Welsh proggers wow the crowd with electric and acoustic sets.

Panic Room have taken numerous risks tonight. For one, they’re playing on a Sunday, which even for hardened gig-goers normally means a night in front of the telly. They’ve also booked a show in the same week as two monumental progressive rock concerts – Steven Wilson and David Gilmour, both at the Royal Albert Hall.

The odds are stacked against them, but as the punters trickle down Soho’s side street into The Borderline, any concerns dissipate. Outside the streets are eerily silent, normally host to London’s clamorous after-work liggers and weekend revellers, but inside the venue is a hub of quiet anticipation, and the stage – decked out in velvet, candles and flowers, and bathed in red light – is a warm and welcoming focal point for the evening.

There are no support bands. Instead we’re treated to two varying sets from Panic Room. First, an hour of semi-acoustic numbers and, after a short interval, a 90-minute fully electric performance. Needless to say, it’s a real treat for the fans, but more importantly, it reveals this Welsh outfit’s versatility as musicians.

The acoustic set is brilliant, any allusions to campfire sing-songs or lazy, unplugged renditions quickly dissipating when they begin Song For Tomorrow. Of course it helps that Anne-Marie Helder’s voice is simply exquisite, but they’ve put a lot of effort into reworking the songs to suit this new guise.

“Some of you didn’t like this one but you do now – it’s been ‘acoustasised’ and it has a bar-brawl feel,” says Helder, before lurching into I Am A Cat. And she’s right – it does sound better, and so does Promises, whose dampening of electric guitar highlights some fantastically melodious tinkling from Jon Edwards on the keys.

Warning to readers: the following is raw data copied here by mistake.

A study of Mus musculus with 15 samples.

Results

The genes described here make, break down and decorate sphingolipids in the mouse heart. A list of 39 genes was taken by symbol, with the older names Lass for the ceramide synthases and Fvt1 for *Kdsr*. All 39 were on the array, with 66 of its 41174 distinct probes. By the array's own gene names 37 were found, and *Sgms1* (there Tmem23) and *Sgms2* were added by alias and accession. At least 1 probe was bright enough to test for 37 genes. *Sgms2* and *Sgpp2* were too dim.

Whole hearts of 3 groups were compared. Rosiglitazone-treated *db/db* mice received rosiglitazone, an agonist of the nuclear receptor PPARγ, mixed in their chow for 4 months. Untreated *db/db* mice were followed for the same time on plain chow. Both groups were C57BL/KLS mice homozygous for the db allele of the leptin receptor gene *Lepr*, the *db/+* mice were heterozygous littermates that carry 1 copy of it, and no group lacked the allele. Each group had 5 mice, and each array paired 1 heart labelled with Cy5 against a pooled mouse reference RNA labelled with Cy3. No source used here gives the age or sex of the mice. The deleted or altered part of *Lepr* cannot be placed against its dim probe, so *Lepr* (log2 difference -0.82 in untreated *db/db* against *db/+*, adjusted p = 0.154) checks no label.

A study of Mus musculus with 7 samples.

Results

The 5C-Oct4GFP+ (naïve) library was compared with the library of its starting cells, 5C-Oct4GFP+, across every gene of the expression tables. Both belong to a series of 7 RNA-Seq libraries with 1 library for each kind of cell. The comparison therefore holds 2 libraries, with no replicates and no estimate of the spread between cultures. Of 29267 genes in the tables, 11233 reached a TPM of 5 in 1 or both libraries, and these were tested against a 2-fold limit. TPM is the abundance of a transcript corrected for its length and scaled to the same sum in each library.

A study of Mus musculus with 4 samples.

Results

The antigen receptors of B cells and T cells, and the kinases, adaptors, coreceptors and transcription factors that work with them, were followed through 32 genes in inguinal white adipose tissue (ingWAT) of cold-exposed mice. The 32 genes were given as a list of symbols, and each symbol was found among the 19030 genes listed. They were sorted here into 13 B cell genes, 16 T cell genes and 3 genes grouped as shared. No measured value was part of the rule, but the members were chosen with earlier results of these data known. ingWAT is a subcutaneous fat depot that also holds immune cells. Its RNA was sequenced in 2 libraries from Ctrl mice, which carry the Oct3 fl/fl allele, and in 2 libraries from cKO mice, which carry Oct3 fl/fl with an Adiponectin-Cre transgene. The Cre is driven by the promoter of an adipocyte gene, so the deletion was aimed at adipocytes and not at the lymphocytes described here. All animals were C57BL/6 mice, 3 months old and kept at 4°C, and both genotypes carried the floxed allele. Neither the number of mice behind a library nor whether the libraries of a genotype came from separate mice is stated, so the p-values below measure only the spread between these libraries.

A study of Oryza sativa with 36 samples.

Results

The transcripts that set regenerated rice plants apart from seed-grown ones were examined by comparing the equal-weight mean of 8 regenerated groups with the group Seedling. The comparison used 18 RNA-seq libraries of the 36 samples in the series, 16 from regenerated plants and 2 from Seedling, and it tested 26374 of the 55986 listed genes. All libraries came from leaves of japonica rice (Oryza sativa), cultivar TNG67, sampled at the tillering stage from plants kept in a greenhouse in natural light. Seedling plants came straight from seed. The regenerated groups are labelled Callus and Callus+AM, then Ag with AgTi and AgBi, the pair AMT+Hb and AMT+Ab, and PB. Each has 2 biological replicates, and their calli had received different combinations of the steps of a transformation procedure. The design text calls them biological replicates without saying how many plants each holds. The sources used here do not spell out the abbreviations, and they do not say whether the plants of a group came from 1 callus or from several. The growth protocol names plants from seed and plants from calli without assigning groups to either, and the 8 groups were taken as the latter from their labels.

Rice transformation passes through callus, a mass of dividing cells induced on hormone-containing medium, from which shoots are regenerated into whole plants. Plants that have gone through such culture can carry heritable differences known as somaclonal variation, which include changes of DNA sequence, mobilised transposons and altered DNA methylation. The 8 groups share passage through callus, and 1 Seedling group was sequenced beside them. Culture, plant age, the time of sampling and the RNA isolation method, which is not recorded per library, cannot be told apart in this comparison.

Rain & Tears & Burgundy from their crowdfunded new album Essence is one of the highlights, even when Helder breaks a string. Its country-esque melancholy, peppered by hints of sunshine, is an alluring concoction.

Although he sneaked in some electric parts during the first set, the plugged-in ‘headline’ show partly belongs to Dave Foster. Borrowed from the Steve Rothery Band, where he resides with his Panic Room bandmate, bassist Yatim Halimi, the newly acquired guitarist fits in perfectly. His clean, sonorous riffs lift the songs to a new level, especially on Freedom To Breathe, where his solos dazzle, and on the sultry Chameleon.

The textured, atmospheric compositions sit so well against Helder’s graceful lyrics, but she really excels on Apocalypstick, for which she receives rapturous applause, and she leaving no one in any doubt that she’s a Prog-certified, outstanding singer.